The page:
Math is entirely abstract in nature despite its description of real world measures. Unfortunately, young children are only beginning to develop the cognitive abilities required to perceive abstract concepts and thinking when they start learning math. On the other hand, math helps develop these abilities as well. Because young students generally learn counting and basic math operations like addition, subtraction, division, and multiplication, improving their math skills revolves around making these concepts more concrete.
The first step in comprehending math involves understanding what numbers represent. The challenge is in teaching someone that numbers are sequential representations of a group of physical objects and ideas. Giving children the tools they need to grasp this concept comes in the form of any group of objects as well as a number line. Nothing is more sequential than a number line, so putting a simple ruler in front of children helps them recognize the meaning of each number as they count out their favorite toys or snack.
With a more concrete teaching aide in hand, the developing brain of a child does not have to stress over grasping every abstract element of the math. Teaching addition and subtraction are particularly easy when using something like a ruler. If the student needs to see addition, objects like toy cars can be added to a pile while a marker on the ruler is moved to the right. The inverse is true for subtraction. Meanwhile, jumping over a gap of numbers and starting out at known sums, i.e. the values we can readily add in our heads, helps students recognize the shortcuts they need to become more proficient in math.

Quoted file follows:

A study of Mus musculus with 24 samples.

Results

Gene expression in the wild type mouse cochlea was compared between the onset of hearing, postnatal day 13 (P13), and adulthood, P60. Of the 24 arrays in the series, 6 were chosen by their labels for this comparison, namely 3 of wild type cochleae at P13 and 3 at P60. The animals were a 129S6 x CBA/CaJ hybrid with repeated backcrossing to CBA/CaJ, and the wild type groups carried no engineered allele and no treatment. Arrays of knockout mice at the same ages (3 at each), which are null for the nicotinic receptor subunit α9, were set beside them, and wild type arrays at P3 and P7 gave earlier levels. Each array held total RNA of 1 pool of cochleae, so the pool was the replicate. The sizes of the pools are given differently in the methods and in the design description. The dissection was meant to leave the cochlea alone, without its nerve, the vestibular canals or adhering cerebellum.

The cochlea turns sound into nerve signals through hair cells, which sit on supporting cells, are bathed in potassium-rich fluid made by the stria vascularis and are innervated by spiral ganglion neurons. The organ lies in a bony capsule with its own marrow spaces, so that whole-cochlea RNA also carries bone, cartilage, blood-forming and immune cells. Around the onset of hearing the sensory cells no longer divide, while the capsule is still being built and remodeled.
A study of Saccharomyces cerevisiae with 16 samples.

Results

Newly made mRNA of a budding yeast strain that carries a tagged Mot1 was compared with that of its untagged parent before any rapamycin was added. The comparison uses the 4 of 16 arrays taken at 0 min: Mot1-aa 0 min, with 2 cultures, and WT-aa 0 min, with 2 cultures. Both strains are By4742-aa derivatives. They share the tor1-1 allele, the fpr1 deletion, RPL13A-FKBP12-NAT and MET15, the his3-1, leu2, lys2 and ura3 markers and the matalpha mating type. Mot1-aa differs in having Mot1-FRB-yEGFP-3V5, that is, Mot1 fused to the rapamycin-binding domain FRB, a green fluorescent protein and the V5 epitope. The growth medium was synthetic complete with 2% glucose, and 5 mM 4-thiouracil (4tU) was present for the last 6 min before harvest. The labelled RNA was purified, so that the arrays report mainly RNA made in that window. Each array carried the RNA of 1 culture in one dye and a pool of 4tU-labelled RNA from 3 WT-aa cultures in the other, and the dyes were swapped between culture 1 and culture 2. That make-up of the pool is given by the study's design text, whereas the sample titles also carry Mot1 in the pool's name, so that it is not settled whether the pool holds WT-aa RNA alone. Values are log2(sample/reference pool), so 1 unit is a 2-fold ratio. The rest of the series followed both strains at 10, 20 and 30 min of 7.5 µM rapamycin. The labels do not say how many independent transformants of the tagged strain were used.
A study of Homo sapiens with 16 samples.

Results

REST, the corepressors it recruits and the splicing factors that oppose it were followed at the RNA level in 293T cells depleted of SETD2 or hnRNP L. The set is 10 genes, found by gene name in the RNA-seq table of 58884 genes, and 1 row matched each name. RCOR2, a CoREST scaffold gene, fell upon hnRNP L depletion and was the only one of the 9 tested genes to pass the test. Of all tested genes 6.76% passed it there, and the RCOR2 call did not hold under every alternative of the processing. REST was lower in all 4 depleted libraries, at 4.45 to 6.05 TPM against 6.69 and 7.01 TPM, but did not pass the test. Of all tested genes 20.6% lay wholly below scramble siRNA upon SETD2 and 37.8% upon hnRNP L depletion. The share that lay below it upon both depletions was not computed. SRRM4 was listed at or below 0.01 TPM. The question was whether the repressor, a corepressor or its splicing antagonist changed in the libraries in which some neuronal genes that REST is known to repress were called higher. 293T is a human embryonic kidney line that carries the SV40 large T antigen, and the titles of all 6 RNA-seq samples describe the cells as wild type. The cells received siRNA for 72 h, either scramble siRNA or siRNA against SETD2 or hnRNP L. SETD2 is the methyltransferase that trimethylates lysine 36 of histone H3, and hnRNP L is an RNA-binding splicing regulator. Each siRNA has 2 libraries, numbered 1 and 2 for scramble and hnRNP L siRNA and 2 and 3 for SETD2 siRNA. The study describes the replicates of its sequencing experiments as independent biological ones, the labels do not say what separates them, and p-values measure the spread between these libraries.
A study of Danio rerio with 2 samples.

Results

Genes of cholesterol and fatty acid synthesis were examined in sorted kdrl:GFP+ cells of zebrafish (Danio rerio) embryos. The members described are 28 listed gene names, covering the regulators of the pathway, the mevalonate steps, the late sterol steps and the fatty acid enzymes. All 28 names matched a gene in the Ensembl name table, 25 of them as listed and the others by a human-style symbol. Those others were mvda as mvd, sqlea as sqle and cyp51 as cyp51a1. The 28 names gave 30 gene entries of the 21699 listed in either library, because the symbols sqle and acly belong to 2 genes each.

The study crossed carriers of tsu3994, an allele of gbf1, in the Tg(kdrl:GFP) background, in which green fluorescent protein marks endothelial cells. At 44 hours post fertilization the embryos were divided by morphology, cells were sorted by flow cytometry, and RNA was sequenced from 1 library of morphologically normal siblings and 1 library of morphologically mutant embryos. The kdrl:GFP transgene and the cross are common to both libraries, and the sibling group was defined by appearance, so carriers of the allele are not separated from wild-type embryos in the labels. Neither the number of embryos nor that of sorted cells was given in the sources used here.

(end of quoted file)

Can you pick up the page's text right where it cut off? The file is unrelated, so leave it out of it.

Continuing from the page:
As for multiplication and division, a number line is a bit cumbersome when it comes to showing values being multiplied. In fact, it may be useful to start off by teaching the concept of division. Because items like candy or toys can be divided quickly and easily, children may well grasp the division concept sooner than multiplication. Multiplication can then be shown as the reverse operation, thus the piles coming back together is an excellent start in teaching this very abstract concept. From there, more traditional methods like sorting columns can be used more effectively. In addition, students need to comprehend the relationships between math operations, so reversing what they already understand to teach something new is very helpful.
Moreover, improving math skills in young students is a tedious process. The reason is that these students are just learning the basic skills they need to build their theoretical understanding of the world. Math is entirely abstract and young students need to develop the proper cognitive abilities necessary to comprehend these abstract constructs and relationships. As such, improving a child’s math skills and cognitive abilities requires addressing their understanding of basic math operations. Where a connection cannot be immediately made, it is best to address math concepts that young children can understand far easier.